Suffice to say that I think that the year behind OpenJDK has been a good one, and Sun has been pretty good at keeping their promises regarding both code, and everything around it: they've opened 96% of the code by last May, and keep hacking away on the rest, delivered a TCK license for OpenJDK, managed to get Red Hat on board officially, transitioning away towards Mercurial, etc. despite working in a politically highly charged environment. More about JCP's governance issues and how to fix them in another post, though.

So, here's a brief list of things I hope to see happen during the next year:

* IcedTea/OpenJDK 6 will get certified as compatible.

* OpenJDK will get a constitution, and all that somewhat abstract, but necessary governance infrastructure.

* jtreg will be released as free software, allowing GNU/Linux distributions to bundle it, and run the many regression tests inside OpenJDK as part of the regular build process.

* The encumbrances will disappear as Red Hat grinds through the certification.

* OpenJDK will complete the infrastructural transitions to a new review system, bug tracker, etc.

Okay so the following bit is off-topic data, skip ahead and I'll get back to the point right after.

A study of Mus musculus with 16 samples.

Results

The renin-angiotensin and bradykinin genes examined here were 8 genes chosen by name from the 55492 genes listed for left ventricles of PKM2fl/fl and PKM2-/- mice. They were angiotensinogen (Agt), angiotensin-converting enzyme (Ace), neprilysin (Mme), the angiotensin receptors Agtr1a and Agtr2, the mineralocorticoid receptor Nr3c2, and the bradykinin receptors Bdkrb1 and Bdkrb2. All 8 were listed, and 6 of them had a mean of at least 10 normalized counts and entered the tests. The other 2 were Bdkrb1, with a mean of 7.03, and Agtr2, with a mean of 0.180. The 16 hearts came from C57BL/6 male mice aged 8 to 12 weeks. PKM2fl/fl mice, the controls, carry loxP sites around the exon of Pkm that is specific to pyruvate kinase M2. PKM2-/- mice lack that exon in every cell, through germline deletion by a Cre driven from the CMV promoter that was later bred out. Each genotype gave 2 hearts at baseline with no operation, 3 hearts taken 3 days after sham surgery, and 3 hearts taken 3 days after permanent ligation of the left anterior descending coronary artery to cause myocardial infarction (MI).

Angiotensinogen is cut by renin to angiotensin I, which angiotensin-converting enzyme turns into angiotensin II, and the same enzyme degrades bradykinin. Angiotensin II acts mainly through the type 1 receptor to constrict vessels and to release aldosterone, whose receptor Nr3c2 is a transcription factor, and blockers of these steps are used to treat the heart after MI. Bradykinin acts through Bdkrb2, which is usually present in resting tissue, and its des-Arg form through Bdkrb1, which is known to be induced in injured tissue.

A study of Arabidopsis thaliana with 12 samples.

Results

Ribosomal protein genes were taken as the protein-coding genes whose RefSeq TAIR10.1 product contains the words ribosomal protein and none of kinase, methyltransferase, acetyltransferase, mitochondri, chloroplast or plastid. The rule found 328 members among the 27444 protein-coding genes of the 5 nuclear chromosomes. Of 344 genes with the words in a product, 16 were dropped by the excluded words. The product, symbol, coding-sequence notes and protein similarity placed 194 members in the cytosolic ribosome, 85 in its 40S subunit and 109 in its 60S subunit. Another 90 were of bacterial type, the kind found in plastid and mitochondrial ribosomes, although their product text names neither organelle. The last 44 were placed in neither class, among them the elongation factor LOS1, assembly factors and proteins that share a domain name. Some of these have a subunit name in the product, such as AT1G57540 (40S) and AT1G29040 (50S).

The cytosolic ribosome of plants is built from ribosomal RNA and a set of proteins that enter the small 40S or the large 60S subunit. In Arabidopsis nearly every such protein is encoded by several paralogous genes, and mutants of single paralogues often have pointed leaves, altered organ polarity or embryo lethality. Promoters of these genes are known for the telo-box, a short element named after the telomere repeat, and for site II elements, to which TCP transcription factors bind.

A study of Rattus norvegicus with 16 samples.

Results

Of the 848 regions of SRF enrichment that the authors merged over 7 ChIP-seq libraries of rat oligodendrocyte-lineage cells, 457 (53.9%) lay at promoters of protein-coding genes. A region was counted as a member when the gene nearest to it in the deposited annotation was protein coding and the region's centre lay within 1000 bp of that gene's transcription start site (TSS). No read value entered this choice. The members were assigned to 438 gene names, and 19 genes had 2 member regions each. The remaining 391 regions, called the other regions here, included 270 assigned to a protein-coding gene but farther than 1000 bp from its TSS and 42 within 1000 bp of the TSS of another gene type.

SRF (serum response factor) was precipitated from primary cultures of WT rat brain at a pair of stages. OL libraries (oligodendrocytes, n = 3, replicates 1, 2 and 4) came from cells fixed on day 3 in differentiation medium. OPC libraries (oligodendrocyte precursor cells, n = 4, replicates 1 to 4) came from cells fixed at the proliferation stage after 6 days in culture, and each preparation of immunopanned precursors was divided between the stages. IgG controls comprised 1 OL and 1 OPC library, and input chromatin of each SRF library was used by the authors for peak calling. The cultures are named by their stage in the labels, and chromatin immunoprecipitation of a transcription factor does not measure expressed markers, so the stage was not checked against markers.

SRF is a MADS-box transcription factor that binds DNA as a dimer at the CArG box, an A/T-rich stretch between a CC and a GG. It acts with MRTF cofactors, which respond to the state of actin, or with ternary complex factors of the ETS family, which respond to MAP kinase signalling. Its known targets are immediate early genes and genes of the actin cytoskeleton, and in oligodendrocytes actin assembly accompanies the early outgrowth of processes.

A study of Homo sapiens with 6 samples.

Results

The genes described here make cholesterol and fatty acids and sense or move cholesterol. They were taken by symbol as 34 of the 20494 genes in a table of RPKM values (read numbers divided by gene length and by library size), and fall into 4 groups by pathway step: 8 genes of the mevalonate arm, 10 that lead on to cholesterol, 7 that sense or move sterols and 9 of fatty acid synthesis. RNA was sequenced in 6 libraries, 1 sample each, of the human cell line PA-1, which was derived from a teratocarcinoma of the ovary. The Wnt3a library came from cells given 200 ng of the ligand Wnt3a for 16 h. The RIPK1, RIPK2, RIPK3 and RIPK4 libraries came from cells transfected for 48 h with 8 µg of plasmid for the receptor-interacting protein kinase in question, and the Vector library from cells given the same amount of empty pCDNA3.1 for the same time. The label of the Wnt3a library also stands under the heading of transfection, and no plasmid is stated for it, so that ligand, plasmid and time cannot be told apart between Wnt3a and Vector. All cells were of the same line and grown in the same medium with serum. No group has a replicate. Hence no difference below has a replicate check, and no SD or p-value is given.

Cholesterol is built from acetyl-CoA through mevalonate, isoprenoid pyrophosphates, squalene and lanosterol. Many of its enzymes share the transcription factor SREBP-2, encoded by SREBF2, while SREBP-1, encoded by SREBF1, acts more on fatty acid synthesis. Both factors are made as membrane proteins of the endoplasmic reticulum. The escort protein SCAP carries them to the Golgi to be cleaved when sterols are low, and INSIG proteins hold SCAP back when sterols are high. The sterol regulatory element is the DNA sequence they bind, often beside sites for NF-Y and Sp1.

* A 'Porters' group will be created, and will serve as a major way to introduce new contributing members to OpenJDK and vice versa.

* A 'Conformance' group will be created, and help porters meet the conformance and compatibility criteria of the TCK.

* IcedTea will turn into GNU Classpath 2.0, and someone will create an easy way to fuse Classpath's VM interface and OpenJDK's class library together so that I don't have to do it myself for Kaffe. ;)

* The membership structure of the JCP will change, as Java packagers join in to make sure that proprietary software vendors can't game the system to the packagers' disadvantage any more.

* ME/SE hybrids will become more interesting as mobile devices become more resourceful, and Sun will have to look hard with their TCK partners on the JCP into allowing developers and deployers to easily verify if such hybrid environments meet their compatibility expectations, enabling them to make their platform investment decisions accordingly. The upcoming support for modularity in J7 also pushes in the same direction, if the SE API is to be turned into components.

* There will be a Java 7 platform JSR, and it will have developers from GNU Classpath, OpenJDK and Apache Harmony on the expert group.

* With OpenJDK solving the 'where is my JVM' problem out of the box on GNU Linux, we'll start looking at solving the 'where are my dependencies' problem out of the box too, at the upstreams, through the Java toolchain.